Page Count: 340
Juliette hasn’t touched anyone in exactly 264 days.
The last time she did, it was an accident, but The Reestablishment locked her up for murder. No one knows why Juliette’s touch is fatal. As long as she doesn’t hurt anyone else, no one really cares. The world is too busy crumbling to pieces to pay attention to a 17-year-old girl. Diseases are destroying the population, food is hard to find, birds don’t fly anymore, and the clouds are the wrong color.
The Reestablishment said their way was the only way to fix things, so they threw Juliette in a cell. Now so many people are dead that the survivors are whispering war– and The Reestablishment has changed its mind. Maybe Juliette is more than a tortured soul stuffed into a poisonous body. Maybe she’s exactly what they need right now.
Juliette has to make a choice: Be a weapon. Or be a warrior.
Shatter Me turned into one of those rare reads that I devour in one sitting and then panic because it’s over. This is also one of those reads where despite its issues and flaws I still really enjoyed it, which in itself is kind of rare for me as well. I’m also in a weird place with this one because I know I may not ever be able to read it again. As I was reading it I realized that most of the love was coming from a ‘first introduction’ kind of reaction and I know that if I read it again it won’t hold that same power over me.
The book didn’t really go the way I pictured it would because of the blurb and the hype, I was expecting something a bit more ‘in your face’ and gritty. Instead I was treated to the exact opposite, but thanks to Mafi’s beautiful writing it turned out to be a one of kind experience. I have a hard time thinking of another YA author that uses such lyrical writing in their books and while it does take away from the grit of the world she created it kind of adds a unique voice to Juliette. She’s good with numbers and tends to repeat things, and while in a normal book I’d probably hate her for this I found that it fit the character perfectly. My issue with her lays in the fact that I didn’t feel as if I knew her, despite having learned her history and being privy to her thoughts. Then of course we are introduced to Adam and Warner…and boy are these two on the opposite ends of the spectrum from each other. I wasn’t really all that fond of Adam, I liked that he was loyal, brave, and sweet but he was a bit boring for me. He had a touch of promise that I’m hoping to see expanded in the next book but I wasn’t overwhelmed by him. Warner however practically demands attention, you either love him or hate him and I love him. He’s so despicable and crazy that it’s hard not to hate him, but I found myself loving the scenes that featured him and I definitely want more Warner in the future. I had the same problems with these two, I knew them as much as the book allowed but it didn’t feel like it.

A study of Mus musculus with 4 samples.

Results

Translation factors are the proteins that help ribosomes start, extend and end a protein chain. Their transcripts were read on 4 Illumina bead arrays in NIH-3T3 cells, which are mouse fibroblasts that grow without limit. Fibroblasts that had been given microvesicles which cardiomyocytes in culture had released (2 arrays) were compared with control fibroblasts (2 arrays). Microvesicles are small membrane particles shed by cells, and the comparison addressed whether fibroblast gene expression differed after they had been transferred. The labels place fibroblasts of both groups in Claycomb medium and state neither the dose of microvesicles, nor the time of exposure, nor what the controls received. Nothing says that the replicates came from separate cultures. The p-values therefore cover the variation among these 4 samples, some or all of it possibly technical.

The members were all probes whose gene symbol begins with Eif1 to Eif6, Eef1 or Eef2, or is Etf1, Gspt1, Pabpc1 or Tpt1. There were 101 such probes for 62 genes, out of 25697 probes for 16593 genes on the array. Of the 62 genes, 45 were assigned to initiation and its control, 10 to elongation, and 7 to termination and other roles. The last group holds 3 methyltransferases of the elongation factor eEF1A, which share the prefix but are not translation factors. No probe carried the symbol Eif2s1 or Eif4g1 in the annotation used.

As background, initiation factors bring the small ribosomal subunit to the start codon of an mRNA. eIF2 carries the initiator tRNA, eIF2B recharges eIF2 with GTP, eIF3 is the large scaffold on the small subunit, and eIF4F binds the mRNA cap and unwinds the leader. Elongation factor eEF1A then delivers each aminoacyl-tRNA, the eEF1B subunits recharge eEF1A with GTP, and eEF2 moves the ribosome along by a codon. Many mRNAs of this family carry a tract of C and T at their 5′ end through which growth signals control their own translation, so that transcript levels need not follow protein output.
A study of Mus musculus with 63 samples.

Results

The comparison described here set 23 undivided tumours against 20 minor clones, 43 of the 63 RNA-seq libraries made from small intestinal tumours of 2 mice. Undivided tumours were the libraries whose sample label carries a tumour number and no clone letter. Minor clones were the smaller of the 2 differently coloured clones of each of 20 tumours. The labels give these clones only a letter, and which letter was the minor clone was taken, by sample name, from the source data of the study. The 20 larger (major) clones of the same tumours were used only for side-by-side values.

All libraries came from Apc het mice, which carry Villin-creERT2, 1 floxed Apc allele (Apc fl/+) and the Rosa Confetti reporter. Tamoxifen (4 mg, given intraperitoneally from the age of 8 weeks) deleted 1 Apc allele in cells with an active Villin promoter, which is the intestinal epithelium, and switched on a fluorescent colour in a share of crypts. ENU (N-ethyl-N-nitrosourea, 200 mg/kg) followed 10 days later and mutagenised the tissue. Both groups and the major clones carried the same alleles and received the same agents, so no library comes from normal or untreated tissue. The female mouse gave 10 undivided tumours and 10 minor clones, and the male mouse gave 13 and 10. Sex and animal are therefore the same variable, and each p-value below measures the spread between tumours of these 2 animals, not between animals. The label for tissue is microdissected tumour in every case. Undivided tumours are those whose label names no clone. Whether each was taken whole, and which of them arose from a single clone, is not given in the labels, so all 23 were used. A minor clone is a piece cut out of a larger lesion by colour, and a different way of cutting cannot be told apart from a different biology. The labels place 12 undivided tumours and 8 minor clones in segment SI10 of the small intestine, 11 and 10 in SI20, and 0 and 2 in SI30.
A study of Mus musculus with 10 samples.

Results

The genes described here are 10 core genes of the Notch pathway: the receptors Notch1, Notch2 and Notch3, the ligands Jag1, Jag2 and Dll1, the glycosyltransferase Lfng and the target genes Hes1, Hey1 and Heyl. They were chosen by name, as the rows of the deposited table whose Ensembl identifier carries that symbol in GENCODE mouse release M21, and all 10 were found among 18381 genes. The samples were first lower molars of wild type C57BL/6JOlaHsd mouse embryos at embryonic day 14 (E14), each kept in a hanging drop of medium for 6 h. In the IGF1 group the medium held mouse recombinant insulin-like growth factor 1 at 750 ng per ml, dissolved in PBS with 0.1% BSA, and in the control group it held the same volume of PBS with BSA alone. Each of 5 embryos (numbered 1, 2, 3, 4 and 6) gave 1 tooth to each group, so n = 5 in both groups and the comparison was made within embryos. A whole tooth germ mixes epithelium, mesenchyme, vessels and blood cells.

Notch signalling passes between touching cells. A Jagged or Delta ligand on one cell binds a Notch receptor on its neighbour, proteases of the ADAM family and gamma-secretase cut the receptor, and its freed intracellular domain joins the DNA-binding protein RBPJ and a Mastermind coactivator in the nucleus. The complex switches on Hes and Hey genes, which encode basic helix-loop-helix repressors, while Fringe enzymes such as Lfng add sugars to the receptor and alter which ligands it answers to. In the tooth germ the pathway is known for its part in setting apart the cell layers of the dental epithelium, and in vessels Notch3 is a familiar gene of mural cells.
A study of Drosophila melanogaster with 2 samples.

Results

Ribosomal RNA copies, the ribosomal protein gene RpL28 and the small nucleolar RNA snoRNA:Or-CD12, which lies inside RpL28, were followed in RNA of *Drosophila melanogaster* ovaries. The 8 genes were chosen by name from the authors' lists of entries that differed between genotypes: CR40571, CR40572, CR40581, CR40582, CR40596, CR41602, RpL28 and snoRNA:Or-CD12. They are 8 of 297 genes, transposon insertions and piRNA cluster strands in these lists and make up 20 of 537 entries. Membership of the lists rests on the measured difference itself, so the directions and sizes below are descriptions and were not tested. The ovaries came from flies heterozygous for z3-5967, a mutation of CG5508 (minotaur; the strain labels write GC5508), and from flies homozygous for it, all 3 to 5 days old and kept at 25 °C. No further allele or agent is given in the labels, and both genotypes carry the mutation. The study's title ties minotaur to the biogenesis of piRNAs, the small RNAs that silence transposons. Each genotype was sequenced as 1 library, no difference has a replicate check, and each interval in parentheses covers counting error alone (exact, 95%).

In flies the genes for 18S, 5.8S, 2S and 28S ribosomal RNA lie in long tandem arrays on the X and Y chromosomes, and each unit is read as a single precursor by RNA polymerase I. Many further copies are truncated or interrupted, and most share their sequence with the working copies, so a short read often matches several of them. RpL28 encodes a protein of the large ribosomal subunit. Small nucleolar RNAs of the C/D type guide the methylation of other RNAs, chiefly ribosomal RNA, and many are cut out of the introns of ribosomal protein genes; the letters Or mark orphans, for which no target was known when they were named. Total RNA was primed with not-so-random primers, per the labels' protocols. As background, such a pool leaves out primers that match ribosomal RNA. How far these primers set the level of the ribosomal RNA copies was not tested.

The plot is where I have most of my issues because it’s very small, or at least it felt that way. The world building is there and Mafi paints a troubled world, but at the same time there isn’t enough of the history involved in the story. I kept needing to know why and I wasn’t always getting an answer. The development of knowledge about her ability was one that really held my interest though and by the end I was dying to know what exactly was behind it all, and what she was truly capable of. I also loved the mental aspect of the plot, which is a very big part of this due to the first person point of view.
I do feel odd for rating the book a 4 when I have clear issues with it, and I can understand some hesitance in taking my review as a helpful one. I think the main reason it is rated so high is because despite the amount of issues I have with the book I still really enjoyed it and found myself truly absorbed in it.